From Silicon design, verification, and implementation to working on cutting-edge technologies like multi-robot systems, Mukesh Bhartiya is never afraid to take up new challenges. Working at Intel for nearly a decade, he currently manages a research organization at Intel Labs India, where he focuses on technologies that will be highly relevant in the future.
“Predicting which technologies will be pertinent or fail in the future would need an educated guess. At Intel Labs, we focus on different facets of technology that our product teams/industry can potentially migrate to in the future. For instance, quantum computing, or neuromorphic computing. We understand and determine areas that need more attention. Robotics has always been quite dear to me, and that’s what my team and I have been working on besides other projects.”
Technology: From Curiosity to a Career
Studying engineering in Bengaluru, Mukesh developed an interest in technology-related research quite early. As part of his college internship, he had the opportunity to work on satellite and altitude control circuitry using digital electronic systems. This introduced him to very large-scale integration (VLSI) technology.
Coming from a background in electronic design automation (EDA), joining Intel was both exciting and challenging for Mukesh. During his tenure as manager and leader, his team shifted from processor research to system-on-chip proof of concept designs
“I have always wanted to be a part of something unique while making a difference to people and communities worldwide. Being at Intel gives me the opportunity to select areas and work on ideas that have a profound impact on the way we live and work. I am extremely proud of completing my tenth year at Intel.”
Pioneering Swarm Robotics at Intel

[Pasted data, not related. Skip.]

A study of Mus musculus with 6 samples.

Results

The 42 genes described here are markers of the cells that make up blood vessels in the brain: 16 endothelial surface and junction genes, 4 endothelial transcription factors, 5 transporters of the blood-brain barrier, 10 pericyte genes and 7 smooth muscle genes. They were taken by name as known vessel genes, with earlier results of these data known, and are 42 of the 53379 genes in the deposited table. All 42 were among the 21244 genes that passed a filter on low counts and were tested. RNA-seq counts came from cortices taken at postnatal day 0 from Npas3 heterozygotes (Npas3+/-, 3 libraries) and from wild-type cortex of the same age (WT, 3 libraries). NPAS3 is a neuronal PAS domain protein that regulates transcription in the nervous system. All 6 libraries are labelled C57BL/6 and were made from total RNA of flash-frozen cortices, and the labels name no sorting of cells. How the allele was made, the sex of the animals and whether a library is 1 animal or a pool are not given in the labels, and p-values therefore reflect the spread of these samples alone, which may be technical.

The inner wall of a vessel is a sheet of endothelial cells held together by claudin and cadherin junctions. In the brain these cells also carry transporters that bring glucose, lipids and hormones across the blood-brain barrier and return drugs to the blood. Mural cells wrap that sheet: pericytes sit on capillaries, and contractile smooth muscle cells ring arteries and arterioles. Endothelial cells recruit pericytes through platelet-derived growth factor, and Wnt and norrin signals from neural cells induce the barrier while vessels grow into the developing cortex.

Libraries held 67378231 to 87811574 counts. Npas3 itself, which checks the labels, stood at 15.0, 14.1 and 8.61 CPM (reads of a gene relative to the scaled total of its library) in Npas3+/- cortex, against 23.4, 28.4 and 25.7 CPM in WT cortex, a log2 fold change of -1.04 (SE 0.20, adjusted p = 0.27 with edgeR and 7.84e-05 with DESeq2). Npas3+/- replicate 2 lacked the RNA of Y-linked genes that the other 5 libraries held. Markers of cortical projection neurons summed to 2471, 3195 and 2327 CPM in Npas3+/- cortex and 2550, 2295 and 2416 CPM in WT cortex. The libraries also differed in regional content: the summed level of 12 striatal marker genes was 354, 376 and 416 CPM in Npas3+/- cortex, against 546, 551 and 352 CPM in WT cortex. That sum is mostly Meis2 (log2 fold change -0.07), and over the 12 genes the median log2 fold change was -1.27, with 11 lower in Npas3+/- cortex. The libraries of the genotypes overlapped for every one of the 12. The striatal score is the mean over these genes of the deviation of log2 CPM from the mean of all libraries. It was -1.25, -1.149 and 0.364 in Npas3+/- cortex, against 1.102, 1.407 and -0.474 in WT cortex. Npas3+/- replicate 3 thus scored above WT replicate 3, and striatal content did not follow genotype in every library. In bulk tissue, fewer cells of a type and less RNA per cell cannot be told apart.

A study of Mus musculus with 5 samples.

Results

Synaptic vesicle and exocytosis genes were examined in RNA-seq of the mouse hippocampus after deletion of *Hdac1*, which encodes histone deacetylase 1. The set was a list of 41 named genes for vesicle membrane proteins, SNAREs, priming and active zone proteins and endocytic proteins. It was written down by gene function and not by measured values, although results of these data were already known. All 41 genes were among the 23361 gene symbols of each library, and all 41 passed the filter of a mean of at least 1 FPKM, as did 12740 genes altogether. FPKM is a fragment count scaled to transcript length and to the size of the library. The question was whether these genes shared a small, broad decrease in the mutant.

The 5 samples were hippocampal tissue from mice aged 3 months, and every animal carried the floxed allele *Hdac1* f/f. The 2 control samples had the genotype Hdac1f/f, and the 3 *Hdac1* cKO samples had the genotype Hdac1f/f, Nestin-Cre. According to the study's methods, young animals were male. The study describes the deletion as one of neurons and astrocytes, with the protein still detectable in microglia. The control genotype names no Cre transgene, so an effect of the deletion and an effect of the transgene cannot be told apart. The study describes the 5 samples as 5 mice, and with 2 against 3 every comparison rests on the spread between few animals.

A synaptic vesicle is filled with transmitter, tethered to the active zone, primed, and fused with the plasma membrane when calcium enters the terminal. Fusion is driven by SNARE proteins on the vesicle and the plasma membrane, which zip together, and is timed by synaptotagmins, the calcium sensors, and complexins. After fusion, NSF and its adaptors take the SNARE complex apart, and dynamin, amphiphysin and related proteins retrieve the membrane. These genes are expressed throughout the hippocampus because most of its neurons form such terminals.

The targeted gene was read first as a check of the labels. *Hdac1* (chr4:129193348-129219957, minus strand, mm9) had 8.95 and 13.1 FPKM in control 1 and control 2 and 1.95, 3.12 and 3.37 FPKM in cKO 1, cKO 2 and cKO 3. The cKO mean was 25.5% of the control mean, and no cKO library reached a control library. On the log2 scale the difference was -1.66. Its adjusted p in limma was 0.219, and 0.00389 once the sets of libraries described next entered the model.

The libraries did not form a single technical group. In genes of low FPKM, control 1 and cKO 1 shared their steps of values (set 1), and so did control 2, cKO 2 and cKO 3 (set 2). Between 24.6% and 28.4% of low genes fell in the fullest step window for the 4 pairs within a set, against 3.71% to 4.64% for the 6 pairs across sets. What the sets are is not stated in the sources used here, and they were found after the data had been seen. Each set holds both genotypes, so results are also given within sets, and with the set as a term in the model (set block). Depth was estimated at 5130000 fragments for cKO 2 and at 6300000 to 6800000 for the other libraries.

One technology that Mukesh and his team have developed is autonomous swarm technology. Due to the devastation caused by earthquakes, the need arose for technology that can search for and rescue people trapped under debris. This led to Swarm Robotics, where individual ‘autonomous agents’ (drones, robots, or a mix of two) could carry out these tasks—be it on the ground, aerial, or hybrid.
What started as a conversation over lunch after a natural disaster has now progressed by leaps and bounds. By applying this tech to incidents such as mining accidents, gas leaks, or power line inspections, issues can be identified using a single autonomous drone, or a swarm of drones, without risking more lives.
Mukesh and his team have developed these autonomous agents to be programmed individually and work without any central control. There are many other applications for Swarm Robotics, from assisting with crowd control at large events, inspecting solar farms for malfunctioning panels, to identifying crop or soil conditions in agriculture while sending real-time feedback data.
“The goal is by deploying this system you can save lives or make lives better. One of the mottos that we have at Intel is to ideate technologies that enrich all life on earth. I’m really excited to be part of something that will eventually help people around the world.”
As Intel continues to bring people from different ethnic and work backgrounds together, Mukesh has had the chance to explore new ideas with colleagues globally. Travelling and working with people inside and outside India has also given him great opportunities to interact and network with a variety of great minds, fuelling a common goal.
“Over the years, Intel has had people and teams who proposed ideas that were pioneering in the industry. I look back and ask myself who those people were, and it inspires me to define what I want to do in my career before I retire. I hope my team’s work here will be recognised for its relevance years from now and continues to help people.”